Steve Jobs, from an article in Fortune a few years ago:
“We don’t think in terms of power,” says Jobs. “We think about creating new innovative products that will surprise and delight our customers. Happy and loyal customers are what give Apple its ‘power.’ At the heart of it, though, we simply try to make great products that we want for ourselves, and hope that customers will love them as much as we do. And I think after all these years we’ve gotten pretty decent at it.”
This is another example of the importance of beliefs in an organization. It is yet another illustration (with the results that follow) of what Jim Collins and Jerry Porras found in Built to Last:
…truly great organizations think of themselves in a fundamentally different way than mediocre enterprises. They have a guiding philosophy or a spirit about them, a reason for being that goes far beyond the mundane or the mercenary.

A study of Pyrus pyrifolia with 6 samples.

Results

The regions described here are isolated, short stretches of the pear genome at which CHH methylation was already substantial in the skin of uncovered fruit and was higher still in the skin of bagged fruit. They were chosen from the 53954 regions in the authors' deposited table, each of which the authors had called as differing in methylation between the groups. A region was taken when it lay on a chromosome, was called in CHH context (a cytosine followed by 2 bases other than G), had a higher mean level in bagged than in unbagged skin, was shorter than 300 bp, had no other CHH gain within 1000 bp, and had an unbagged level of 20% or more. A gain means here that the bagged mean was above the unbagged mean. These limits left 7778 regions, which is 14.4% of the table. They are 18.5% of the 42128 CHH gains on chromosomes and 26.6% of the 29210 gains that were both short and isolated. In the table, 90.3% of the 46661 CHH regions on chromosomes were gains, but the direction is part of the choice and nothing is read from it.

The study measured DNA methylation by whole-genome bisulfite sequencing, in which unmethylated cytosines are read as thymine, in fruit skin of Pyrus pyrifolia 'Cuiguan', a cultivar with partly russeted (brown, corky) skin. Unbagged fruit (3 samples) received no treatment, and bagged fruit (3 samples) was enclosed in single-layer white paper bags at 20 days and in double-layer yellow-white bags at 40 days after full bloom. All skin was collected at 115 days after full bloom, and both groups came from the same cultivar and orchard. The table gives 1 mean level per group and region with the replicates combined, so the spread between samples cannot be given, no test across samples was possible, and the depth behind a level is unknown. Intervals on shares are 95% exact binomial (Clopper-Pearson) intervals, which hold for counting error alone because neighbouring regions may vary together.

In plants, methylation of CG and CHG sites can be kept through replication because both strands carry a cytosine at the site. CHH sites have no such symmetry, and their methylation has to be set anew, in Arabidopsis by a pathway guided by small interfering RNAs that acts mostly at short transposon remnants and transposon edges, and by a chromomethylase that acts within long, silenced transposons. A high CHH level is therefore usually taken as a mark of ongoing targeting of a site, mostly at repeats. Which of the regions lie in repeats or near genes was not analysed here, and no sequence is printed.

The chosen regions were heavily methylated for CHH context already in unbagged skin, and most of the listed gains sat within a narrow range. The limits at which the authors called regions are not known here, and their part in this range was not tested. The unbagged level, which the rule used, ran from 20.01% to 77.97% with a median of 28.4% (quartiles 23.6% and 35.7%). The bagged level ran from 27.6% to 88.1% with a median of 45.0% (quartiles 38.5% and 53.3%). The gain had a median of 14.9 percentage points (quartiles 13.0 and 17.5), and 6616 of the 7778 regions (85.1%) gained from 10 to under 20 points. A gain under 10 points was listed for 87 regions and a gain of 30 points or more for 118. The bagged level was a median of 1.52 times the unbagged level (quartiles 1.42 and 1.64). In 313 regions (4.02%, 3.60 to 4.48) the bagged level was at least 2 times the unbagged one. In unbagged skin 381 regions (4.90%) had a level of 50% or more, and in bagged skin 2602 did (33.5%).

And while we’re at it, here’s another example from A.G. Lafley of Procter & Gamble, in Harvard Business Review:
I learned many things from Peter [Drucker] over the years, but far and away the most important were the simplest: “The purpose of a company is to create a customer” and “A business…is defined by the want the customer satisfies when he or she buys a product or a service. To satisfy the customer is the mission and purpose of every business.”
At P&G we keep Peter’s words in mind with every decision. We declared that the consumer — not the CEO — is boss, and made it our purpose to touch more consumes and improve more of each consumer’s life. When we look at the business from the perspective of the consumer, we can see the need to win at two moments of truth: First, when she buys a P&G brand or product in a store, and second, when she or another family member uses that product in the home….By putting customers first, we’ve nearly doubled the number served, from 2 billion to 3.8 billion; doubled sales; and tripled P&G profits in the first nine years of the twenty-first century.